8:00 PM, 6th March, 2010
It’s the world as we know it, except for one little fact: lying doesn’t exist. Politicians, lawyers and advertisers should all be out of a job, but they go about their business with the truth. I know that’s hard to swallow but if you can leave your disbelief at the door then you should enjoy this film. Honest.
The film develops a twist when Mark Bellison (Gervais) suddenly develops the ability to lie, and finds that dishonesty has its rewards. Before his discovery he was an unsuccessful screenwriter as without lying there are no fictional films; just factual, historical (boring) films. With Mark’s new found superpower, Mark is able to be the man that he always wanted to be and just maybe get together with Anna (Garner), the girl he’s always wanted.
The Invention of Lying isn’t as out and out funny as some of Gervais’s previous films, but it does have its moments. It is also quite touching, though it plays this thickly towards the end, with a healthy dose of satire thrown in. I’d be lying if I didn’t say I enjoyed it immensely.
9:51 PM, 6th March, 2010
Larry Gopnik (Stuhlbarg) is a serious man. He is serious about his family, about his home, about his work, about his life. He is a physics professor who writes serious equations on seriously big blackboards. Larry seeks to make sense of the world by approaching it with a serious spirit, a rational spirit, imagining that the world will repay him by being a rational and a serious place. This film is about Larry being deeply, incomprehensibly, bewilderingly wrong.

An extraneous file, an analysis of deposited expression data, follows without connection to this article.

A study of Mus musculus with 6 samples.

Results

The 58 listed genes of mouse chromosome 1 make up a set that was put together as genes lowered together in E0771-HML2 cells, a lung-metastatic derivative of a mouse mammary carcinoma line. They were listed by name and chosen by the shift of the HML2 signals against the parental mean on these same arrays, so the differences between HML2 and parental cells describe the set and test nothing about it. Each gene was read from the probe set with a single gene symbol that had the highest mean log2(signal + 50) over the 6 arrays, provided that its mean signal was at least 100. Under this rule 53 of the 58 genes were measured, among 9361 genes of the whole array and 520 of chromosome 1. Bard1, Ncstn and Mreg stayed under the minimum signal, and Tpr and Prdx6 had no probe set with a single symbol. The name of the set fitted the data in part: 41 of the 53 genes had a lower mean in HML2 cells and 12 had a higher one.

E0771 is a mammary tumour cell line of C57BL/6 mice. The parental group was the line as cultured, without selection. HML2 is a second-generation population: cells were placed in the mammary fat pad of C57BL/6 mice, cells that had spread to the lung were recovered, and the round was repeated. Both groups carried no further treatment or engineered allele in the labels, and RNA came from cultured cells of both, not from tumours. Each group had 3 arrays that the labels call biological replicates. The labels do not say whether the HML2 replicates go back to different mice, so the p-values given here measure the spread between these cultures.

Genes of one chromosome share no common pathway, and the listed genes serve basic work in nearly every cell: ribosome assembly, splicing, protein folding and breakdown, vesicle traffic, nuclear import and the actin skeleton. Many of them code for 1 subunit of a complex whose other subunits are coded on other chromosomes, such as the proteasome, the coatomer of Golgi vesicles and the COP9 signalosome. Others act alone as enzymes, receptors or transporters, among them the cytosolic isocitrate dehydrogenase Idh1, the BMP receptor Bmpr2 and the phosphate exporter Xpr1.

Larry acts sanely, rationally, logically, while around him the following things happen: his wife leaves him for his best friend; his scary gun-nut neighbour keeps mowing parts of Larry’s lawn; his son has joined a record club that is demanding payment with increasing menace; his brother is monopolising the bathroom to drain his cyst; and a student tries to bribe him and blackmail him at the same time.
And these are just the events; the atmosphere is more bizarre still. The Coen brothers are masters of the black comedy, and they have infused this one with the quality of a dream or a fable.
Make sure you see this film with someone else so that you can have the following conversation afterwards: “What was with that bit at the start?” “I have no idea. Was he really a dybbuk?” “I’m still not sure what a dybbuk is.” “That wasn’t Steve Martin as the rabbi, was it?” “No, you great doofus. But was the other one George Clooney?” “No, it was the other guy. What the hell was with the goy’s teeth?” “No idea.” “I need a drink.” “Me too.”